I'M SORRY, DID I ROLL MY EYES OUT LOUD? Racial Harassment in 2023?

As I scrolled through my LinkedIn feed this morning, I did not see one, but two different posts about recent settlements from two different companies (one in healthcare and one construction management company) for racial slurs being made in workplaces.

I thought for a moment my cache got stuck in 1950 as I could not be reading this happening in 2023? To my huge disappointment, my cache is up to date and these two recent large settlements in fact, happened very recently.

I implore employers and leadership at workplaces to take the following steps to stomp out this type of behavior in workplaces:

1. LEAD Yes, it all goes back to Leadership. Leadership is responsible for setting the tone, creating zero tolerance, acting appropriately themselves and ensuring every employee matters to them in the workplace and demonstrating daily this fact to each and every employee.

2. POLICY Create, enforce and make easily available appropriate policies and procedures that prohibit discrimination, harassment and retaliation for reporting incidences. Post in visible places signs and reminders to all employees to call out this type of behavior in the workplace as it is prohibited and not tolerated in your workplace.

3. TRAIN Leadership, Supervisors and Employees all need to be trained routinely on these topics (and I recommend minimally on an annual basis if there have been ongoing issues) and also follow any appropriate state or city mandated training requirements.

4. RESPOND Every complaint needs to be addressed promptly and effectively, including hiring an outside investigator if there is a need. Employers need to take all complaints seriously, even ones you might think are ‘no big deal’ or ‘that employee did not mean that’ when you feel yourself wanting to brush it off. How an employer receives, processes and resolves these complaints will have an impact on the workplace in the future.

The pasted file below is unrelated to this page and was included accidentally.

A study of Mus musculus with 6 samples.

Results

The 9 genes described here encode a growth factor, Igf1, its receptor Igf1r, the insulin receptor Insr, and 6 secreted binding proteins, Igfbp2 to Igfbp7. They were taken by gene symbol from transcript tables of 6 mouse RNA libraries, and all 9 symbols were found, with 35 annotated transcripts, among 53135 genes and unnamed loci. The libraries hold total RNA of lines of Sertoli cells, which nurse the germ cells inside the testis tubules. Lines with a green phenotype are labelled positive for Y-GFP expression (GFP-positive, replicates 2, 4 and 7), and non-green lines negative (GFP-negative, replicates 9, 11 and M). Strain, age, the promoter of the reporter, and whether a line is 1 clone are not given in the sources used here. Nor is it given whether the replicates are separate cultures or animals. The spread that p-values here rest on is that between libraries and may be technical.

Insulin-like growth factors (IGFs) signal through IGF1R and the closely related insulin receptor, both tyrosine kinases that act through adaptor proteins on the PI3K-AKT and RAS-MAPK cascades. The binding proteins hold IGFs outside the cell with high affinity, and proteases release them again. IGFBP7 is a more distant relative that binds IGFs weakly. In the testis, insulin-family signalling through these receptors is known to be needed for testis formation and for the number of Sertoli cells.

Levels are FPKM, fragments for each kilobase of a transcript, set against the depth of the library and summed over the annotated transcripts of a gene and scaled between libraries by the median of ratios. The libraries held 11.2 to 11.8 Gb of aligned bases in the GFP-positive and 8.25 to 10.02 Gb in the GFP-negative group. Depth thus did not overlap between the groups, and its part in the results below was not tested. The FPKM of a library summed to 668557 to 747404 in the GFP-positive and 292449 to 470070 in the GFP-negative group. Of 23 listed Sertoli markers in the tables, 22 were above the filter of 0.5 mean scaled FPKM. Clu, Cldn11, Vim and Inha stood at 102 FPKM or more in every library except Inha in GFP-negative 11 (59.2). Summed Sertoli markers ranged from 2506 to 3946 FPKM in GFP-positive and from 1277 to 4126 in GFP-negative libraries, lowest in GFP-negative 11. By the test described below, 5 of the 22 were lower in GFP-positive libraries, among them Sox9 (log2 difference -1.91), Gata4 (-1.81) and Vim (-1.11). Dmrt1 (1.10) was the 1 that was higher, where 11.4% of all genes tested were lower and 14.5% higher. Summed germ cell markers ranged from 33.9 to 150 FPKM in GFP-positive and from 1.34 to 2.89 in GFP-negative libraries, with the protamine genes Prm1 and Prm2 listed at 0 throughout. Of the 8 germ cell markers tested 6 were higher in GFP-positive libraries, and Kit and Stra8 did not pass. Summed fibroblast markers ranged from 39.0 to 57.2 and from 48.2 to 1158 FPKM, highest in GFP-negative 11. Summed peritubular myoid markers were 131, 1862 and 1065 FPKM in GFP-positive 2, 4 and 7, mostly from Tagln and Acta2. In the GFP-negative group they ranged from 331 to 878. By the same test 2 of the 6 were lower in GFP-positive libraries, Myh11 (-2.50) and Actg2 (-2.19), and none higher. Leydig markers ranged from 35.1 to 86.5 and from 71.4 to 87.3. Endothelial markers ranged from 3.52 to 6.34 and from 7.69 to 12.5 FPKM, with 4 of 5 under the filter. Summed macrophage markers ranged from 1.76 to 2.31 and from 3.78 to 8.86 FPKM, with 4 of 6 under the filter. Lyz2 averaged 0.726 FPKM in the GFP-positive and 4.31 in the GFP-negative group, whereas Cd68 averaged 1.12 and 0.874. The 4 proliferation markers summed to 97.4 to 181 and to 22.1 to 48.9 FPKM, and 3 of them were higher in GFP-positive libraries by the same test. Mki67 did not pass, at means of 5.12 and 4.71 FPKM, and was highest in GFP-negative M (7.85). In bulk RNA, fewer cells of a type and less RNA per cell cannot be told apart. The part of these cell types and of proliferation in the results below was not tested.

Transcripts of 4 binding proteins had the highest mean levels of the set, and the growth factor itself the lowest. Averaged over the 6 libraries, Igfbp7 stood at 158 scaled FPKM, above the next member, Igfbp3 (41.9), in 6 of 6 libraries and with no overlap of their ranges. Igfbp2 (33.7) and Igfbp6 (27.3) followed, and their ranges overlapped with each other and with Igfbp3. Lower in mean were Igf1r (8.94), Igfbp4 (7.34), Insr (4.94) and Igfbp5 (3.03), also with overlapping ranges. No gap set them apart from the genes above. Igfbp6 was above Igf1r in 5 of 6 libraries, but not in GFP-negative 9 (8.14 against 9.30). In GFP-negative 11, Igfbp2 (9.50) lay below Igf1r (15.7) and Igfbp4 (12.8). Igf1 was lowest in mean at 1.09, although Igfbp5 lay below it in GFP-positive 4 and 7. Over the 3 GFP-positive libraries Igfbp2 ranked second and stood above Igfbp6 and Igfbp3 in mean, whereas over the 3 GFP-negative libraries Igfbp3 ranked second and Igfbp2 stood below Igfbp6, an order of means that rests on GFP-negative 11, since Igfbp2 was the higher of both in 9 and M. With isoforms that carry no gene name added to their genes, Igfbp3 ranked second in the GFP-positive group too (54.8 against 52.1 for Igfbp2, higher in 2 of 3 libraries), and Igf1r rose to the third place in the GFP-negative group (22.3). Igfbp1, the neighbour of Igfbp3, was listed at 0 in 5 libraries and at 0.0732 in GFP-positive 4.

5. SAFE SPACE Don’t just call it a safe space. Workplaces are meant to be psychologically safe spaces where the fabric of the diversity in this country can show up each day and feel welcomed and encouraged to interact amongst one another even if they are different from each other. Creating formal DEI practices, taking a stand for the better on relevant topics and finding emotional connection with employees are all helpful. Things like promoting dialogue around everyone's diverse backgrounds builds trust and respect and can help combat any outliers who are thinking about creating trouble within your company.


Until this no longer exists in workplaces, I will continue to roll my eyes (and then some) in disgust when I hear these things still occur in work places in 2023. While employers cannot control what happens outside of their walls, they do have a responsibility inside their walls, beyond policy creation, to ensure that there is zero tolerance for hatred and racially motivated injustices in their work places. Constant monitoring and communication ensures that you as an employer are on top of it and have created a positive culture for everyone.